What’s Behind These Findings?

Gartner put it best when it stated the following: “The challenges of ransomware and other forms of malware are the ever-changing tactics and agendas of [malicious] hackers.”

Take the tactic of triple extortion as an example. Apparently, ransomware actors aren’t satisfied with doubly extorting their victims, once for a corresponding decryption key and the second time for the deletion of their stolen data. Why else would they decide to begin demanding payments from the customers, partners, and other third parties for their original victims?

Threatpost described one incident in which ransomware actors succeeded in infecting a Finnish psychotherapy clinic, for instance. The victim ultimately satisfied the attackers’ demands. Even so, that didn’t stop the ransomware actors from informing the clinic’s patients that they would publish their session notes unless they paid up.

The rise of double encryption also helps to explain ransomware’s growth. As noted by Wired, double encryption is a technique where attackers use more than one ransomware strain to affect a victim’s data. Sometimes, double-encryption may involve the use of what’s known as “side-by-side” encryption where the attackers split which systems and data they encrypt between two or more ransomware strains. Other times, it may involve “layered encryption” where the attackers deploy one ransomware strain and then layer other ransomware strains on top of it. Either way, double encryption makes it more difficult for victims to recover their data, and it emboldens attackers to demand more money in a ransomware incident.

FIM and SCM: The Keys to Ransomware Defense

Ransomware actors will always invent new tactics to maximize the profitability of their attacks. Acknowledging that reality, organizations need to defend themselves against the fundamental elements of a ransomware infection. The problem is that they might not know how.

That’s where Tripwire Enterprise comes in. Tripwire Enterprise protects organizations from ransomware using two fundamental security controls: file integrity monitoring and security configuration management. Let’s examine these below.

File Integrity Monitoring

Otherwise known as change monitoring, file integrity monitoring (FIM) is a technology that monitors for changes in files. Organizations can use this security control to monitor for unexpected changes that could be indicative of a digital attack. But that can backfire if their FIM solution reports on too many changes, doesn’t deliver any context around those changes, and doesn’t send over insight on why those changes elevate the levels of risk facing their systems.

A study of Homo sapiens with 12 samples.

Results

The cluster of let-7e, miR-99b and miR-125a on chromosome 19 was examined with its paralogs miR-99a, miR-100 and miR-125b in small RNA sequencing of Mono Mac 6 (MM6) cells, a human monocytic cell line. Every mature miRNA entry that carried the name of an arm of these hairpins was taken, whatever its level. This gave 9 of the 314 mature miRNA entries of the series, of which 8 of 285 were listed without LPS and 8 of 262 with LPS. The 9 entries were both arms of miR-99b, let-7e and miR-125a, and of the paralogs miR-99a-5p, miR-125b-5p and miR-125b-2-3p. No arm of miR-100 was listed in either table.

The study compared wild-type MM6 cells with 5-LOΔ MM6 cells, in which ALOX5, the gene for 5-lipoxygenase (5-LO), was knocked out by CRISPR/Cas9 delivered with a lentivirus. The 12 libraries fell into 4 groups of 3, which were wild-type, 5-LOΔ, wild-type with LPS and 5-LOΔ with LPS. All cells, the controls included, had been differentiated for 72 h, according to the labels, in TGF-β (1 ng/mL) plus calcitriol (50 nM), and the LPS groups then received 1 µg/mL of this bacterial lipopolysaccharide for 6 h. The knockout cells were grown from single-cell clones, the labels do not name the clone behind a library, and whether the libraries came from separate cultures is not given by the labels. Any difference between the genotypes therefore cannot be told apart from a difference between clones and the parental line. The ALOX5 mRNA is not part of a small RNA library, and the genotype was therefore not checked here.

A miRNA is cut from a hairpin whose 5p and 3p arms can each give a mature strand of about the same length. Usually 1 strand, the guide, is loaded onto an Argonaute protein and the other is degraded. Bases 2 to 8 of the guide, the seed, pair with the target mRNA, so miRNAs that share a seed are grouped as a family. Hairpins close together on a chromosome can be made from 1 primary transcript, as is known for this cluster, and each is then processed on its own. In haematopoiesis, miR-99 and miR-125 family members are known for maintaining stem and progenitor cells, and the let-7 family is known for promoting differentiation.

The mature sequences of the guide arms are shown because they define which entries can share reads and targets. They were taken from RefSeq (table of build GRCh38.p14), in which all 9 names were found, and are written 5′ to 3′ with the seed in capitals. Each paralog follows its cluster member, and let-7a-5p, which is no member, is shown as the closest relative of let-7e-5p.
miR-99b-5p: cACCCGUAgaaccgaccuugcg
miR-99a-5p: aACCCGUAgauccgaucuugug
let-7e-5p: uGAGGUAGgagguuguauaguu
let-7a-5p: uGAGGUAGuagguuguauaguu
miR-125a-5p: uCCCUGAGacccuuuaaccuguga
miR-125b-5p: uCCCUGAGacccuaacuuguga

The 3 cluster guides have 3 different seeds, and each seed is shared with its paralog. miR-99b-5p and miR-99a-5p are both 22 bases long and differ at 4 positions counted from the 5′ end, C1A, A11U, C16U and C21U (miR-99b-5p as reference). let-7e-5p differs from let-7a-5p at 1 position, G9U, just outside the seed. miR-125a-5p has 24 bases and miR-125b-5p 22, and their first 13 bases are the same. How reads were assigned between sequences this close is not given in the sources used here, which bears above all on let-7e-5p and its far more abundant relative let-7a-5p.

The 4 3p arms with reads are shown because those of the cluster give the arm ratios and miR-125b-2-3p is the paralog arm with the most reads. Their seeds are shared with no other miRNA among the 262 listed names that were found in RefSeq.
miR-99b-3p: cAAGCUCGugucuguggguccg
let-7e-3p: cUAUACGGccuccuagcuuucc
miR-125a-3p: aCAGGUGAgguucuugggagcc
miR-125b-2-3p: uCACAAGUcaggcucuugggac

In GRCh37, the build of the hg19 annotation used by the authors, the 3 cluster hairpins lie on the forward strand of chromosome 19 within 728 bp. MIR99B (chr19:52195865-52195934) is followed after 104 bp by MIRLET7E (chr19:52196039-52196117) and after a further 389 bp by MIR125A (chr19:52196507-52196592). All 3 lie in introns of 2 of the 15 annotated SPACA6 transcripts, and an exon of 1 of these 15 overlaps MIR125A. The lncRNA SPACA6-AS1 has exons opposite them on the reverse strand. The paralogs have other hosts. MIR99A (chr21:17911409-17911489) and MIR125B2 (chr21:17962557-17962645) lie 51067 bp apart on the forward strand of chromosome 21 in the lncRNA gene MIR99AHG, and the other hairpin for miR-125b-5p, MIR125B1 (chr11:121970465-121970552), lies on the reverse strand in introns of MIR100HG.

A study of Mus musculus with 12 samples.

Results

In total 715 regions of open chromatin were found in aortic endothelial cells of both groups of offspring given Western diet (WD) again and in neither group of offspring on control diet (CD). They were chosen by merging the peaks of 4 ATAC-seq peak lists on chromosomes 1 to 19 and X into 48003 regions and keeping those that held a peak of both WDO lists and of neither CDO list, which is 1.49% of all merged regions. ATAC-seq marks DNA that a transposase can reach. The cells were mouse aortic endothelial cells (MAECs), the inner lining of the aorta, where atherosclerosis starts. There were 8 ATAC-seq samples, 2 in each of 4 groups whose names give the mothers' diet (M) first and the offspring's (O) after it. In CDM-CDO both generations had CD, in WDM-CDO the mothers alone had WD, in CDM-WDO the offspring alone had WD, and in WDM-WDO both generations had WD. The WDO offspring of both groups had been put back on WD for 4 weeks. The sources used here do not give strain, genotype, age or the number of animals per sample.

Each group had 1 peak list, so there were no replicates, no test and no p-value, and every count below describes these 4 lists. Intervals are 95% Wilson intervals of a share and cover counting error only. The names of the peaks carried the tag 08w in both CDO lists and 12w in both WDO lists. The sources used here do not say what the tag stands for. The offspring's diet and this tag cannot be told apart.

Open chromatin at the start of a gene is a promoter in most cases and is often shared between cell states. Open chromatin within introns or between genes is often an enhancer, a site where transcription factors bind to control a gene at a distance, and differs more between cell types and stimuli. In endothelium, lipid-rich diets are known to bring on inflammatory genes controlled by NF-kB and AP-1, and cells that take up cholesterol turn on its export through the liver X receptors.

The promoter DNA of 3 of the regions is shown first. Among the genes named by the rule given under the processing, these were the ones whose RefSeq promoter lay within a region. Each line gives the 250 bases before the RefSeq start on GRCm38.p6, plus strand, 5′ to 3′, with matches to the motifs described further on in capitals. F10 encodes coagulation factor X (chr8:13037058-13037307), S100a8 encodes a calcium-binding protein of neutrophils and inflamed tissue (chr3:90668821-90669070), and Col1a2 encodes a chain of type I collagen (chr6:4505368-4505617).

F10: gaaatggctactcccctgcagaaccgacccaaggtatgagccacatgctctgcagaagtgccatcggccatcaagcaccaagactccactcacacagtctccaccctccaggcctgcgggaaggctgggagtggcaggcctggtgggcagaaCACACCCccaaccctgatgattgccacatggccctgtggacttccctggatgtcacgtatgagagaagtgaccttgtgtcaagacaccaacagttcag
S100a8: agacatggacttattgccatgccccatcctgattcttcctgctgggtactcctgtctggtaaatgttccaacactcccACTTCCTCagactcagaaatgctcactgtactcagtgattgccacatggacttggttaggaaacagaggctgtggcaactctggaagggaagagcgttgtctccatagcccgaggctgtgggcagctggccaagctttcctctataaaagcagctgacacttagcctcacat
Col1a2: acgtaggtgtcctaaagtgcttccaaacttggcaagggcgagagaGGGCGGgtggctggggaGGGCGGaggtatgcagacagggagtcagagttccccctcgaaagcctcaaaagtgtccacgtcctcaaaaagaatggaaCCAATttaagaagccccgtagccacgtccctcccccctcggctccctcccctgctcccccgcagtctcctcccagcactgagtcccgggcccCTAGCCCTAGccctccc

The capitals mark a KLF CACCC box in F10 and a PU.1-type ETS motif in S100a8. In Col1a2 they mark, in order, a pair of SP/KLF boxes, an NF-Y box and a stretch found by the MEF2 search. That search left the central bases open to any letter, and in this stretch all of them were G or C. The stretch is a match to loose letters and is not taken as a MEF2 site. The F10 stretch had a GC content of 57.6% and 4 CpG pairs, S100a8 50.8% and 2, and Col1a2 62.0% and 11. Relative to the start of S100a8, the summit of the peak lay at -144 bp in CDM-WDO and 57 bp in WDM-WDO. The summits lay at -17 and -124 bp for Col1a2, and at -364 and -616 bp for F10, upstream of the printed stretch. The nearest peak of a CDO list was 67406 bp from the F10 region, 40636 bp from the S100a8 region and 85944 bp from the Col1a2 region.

Organizations need FIM capabilities that connect these and other dots of a digital attack. That’s especially the case in the event of a ransomware incident. Fortunately, Tripwire Enterprise does all this by detecting changes to files on the endpoints in real-time. It sees when the ransomware creates a new, encrypted file and deletes the original one, thus aiding in the identification of the files affected by the ransomware. It also enables organizations to set up automated alerts that provide crucial insight into what’s going on in their environment, thereby reducing time-to-detection and recovery efforts.

Security Configuration Management

In addition to monitoring their files for unexpected changes, organizations need to monitor the integrity of their products and systems using security configuration management. SCM begins with establishing a secure baseline for each of their assets. (If organizations don’t know where to start, they can look to trusted entities like the Center for Internet Security for standard secure baselines.) They can then watch for configuration drift, instances where an asset’s configuration drifts from a known secure baseline. If they spot such an instance, organizations can remediate the deviation and investigate whether it’s part of a larger security incident.

When it comes to SCM, Tripwire Enterprise’s detection of policy compliance failure can serve as an early warning sign that someone is tampering with server or application configurations. Such is often the case in the early stages of a ransomware attack. Tripwire Enterprise then helps organizations to correct the issue through remediation advice and automated remediation scripts.

Ransomware Defense Is Ransomware Prevention

Once ransomware has a hold on your systems, it’s often too late to undo the damage. That’s why putting focus on the prevention and rapid detection of ransomware is key to shrinking an organization’s attack surface. That way, attackers are unable to gain entry in the first place.

Tripwire Enterprise conducts continuous monitoring using SCM and FIM security controls to keep systems hardened against attacks and to quickly identify indicators of ransomware compromise before significant damage can occur. For more information about how Tripwire can help to defend your organization against ransomware, download this solution brief here.